This has been on my mind for quite a while, so I'd better write something about it and deal with it.
Item: Robert Pickton is convicted of second-degree murder and sentenced to life in prison. (As of this writing, the Crown is pursuing an appeal, wanting the conviction upped to Murder 1.) Family members rejoiced outside the courthouse, declaring a victory for justice and recompense for their deceased loved ones.
Item: the mother of a little girl, and the mother's live-in boyfriend, demand additional compensation from WestJet because the little girl was left unattended and was helped by a stranger to make her flight connection at Winnipeg and then to meet her father in Montreal. WestJet offered a service, in which a child could travel alone and be taken care of, and something evidently went wrong with that service.
Item: a known mobster is rubbed out in a hit outside a steak house in downtown Vancouver. His grieving mother demands police do something about gang violence.
What's the connection? A really harsh saying, to wit: Where were you when the kids needed you?
The Pickton case is the most egregious. His victims were largely prostitutes, who were addicted to drugs, and whose lives were turned to garbage by the drugs and the society that failed them. Why were those girls on the streets in the first place? Who wasn't there when they needed someone, way back when? Who turned their back? Who offered them that first joint, the first drink, the first hit? And who didn't train them up in the way they should go, so that they would know enough to say, "no"?
The jubilation after the Pickton verdict was so explosive, it was as if the people were saying, "Thank God! Someone else is being held responsible!"
The police are taking a lot of heat for not being faster off the mark to investigate the first of the disappearances, and while there may be something to allegations of racism and giving preferential non-treatment to a certain sector of people, it's too easy to point fingers at The Man. The time to keep a child from following the same fate as the Pickton victims is when they're still alive, and preferably before they fall.
How does this connect with the little girl on the airplane? Because here we have a little girl whose mom and dad were unable to make a go of their relationship, decided to go separate ways, and -- quite frankly -- went about their own lives and tried to make the little girl fit in. So when mommy (with boyfriend) moved to Edmonton and daddy stayed in Montreal, the solution to the question of custody and access was to dump the little girl onto an airplane, pay extra so that total strangers would watch over her, and go about their merry lives without her underfoot for a few days.
Then, when that "system" broke down, don't blame the fact that this little girl has been turned into a piece of cargo for the convenience of the parents: blame the airline.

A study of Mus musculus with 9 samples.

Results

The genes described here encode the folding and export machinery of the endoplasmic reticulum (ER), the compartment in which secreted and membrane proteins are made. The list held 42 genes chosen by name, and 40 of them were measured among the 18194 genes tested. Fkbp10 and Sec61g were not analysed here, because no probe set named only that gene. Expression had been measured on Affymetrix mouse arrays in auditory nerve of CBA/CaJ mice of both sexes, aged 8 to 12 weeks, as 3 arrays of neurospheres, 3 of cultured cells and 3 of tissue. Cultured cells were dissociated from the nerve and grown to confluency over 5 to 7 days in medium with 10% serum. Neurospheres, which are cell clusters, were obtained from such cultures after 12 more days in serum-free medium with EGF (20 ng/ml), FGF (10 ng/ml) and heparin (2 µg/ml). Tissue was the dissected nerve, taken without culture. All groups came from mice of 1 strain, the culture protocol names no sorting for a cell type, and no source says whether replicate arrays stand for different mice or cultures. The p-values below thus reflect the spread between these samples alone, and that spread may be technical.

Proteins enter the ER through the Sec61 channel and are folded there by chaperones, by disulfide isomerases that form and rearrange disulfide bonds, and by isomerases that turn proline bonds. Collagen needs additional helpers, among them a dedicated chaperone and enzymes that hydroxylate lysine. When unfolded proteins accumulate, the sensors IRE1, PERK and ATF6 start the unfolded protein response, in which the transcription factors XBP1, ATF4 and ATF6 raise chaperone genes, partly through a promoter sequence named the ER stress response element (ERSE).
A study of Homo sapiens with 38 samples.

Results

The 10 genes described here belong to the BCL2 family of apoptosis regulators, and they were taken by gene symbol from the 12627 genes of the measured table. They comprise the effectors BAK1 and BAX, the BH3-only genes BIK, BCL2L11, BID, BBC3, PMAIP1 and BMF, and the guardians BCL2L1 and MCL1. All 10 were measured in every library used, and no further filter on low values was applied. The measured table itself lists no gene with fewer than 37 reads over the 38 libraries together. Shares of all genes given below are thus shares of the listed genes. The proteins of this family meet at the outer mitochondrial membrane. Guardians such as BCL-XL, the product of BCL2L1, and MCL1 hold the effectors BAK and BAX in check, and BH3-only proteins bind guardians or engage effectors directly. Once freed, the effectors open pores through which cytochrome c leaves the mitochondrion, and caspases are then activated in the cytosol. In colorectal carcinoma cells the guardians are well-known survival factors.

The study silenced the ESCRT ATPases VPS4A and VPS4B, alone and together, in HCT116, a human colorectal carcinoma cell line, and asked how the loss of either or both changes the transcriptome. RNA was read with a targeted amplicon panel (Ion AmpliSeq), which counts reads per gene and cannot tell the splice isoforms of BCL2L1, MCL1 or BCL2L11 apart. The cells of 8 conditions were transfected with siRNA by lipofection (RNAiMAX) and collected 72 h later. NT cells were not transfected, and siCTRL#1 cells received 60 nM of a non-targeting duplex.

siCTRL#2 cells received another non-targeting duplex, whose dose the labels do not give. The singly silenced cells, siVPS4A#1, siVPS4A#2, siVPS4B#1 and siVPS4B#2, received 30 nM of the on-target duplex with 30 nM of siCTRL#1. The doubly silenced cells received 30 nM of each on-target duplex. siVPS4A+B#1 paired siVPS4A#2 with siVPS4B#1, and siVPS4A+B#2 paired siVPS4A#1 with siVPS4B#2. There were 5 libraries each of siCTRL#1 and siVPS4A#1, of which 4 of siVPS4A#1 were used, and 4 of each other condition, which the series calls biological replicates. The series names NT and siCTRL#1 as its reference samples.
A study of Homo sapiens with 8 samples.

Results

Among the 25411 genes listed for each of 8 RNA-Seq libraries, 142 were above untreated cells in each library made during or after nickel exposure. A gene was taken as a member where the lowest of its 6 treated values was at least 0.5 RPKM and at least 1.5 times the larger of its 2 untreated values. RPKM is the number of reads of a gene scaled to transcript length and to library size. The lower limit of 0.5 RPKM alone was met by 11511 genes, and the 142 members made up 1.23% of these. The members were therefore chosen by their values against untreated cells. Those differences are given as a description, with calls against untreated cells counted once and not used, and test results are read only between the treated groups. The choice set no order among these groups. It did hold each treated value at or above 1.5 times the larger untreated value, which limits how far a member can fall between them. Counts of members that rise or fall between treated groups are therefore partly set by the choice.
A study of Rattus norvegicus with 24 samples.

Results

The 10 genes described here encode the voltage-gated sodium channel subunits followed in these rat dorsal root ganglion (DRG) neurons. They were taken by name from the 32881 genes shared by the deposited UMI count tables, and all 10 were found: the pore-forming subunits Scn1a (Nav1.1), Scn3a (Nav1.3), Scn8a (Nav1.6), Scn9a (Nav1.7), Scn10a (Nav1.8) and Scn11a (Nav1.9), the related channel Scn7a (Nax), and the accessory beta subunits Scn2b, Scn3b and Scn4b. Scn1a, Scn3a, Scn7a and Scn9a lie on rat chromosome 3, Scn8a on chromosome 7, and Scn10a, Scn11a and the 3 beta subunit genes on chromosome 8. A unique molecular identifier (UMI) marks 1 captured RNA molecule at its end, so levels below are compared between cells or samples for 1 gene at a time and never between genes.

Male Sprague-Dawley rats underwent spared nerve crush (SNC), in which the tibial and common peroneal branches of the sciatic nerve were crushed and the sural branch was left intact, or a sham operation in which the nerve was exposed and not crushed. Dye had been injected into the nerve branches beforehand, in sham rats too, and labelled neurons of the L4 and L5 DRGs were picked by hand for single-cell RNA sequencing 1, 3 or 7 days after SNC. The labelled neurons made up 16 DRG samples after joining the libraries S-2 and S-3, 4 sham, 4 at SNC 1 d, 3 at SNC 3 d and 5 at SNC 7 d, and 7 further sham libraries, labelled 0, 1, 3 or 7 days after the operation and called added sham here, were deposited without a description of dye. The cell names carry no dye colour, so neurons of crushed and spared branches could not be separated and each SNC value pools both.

But more importantly, with a child being treated as a piece of cargo, shuttled between two parents a couple of times a year (and daddy can't be that awful if he's allowed to have her over all by herself when he's living more than 2,000 miles away), what does that do to the child's sense of who she is? Isn't she worth the parents' staying together in the first place? Isn't she worth mommy actually spending the time and the money to travel with her? Who knows the reasons behind breakups (says he, who's gone through two of them, both with children involved), but the victim is the innocent one -- the child.
How many of Pickton's victims were in similar circumstances: treated as the "inconvenience" rather than the precious child?
The inclusion of the "known mobster" is for a similar reason: the time to be concerned about gang violence is before the child gets involved. Where were the parents? Where were the teachers?
In short, where is the sense of right and wrong that should pervade the way our kids are brought up? Oh, I know: that doggone Book, with all its answers ... that big ol' killjoy that says we shouldn't lie to people, or cheat, or steal, or have sex with people we shouldn't ... so judgmental ... so incriminating ... so un-cool, because it tells us we are responsible to one another and we are required to love others and love the One who created everything and that there is only one Way to achieve that. That set of absolutes, that don't take "personal circumstances" into account, as though "personal circumstances" can't be fixed by following that same set of absolutes.
Yeah, that doggone Book.
"It takes a village to raise a child," is the lovely piece of New Age claptrap that comes to mind.
But in these cases, what happened to the village?
This just in: it takes Jesus to raise the village.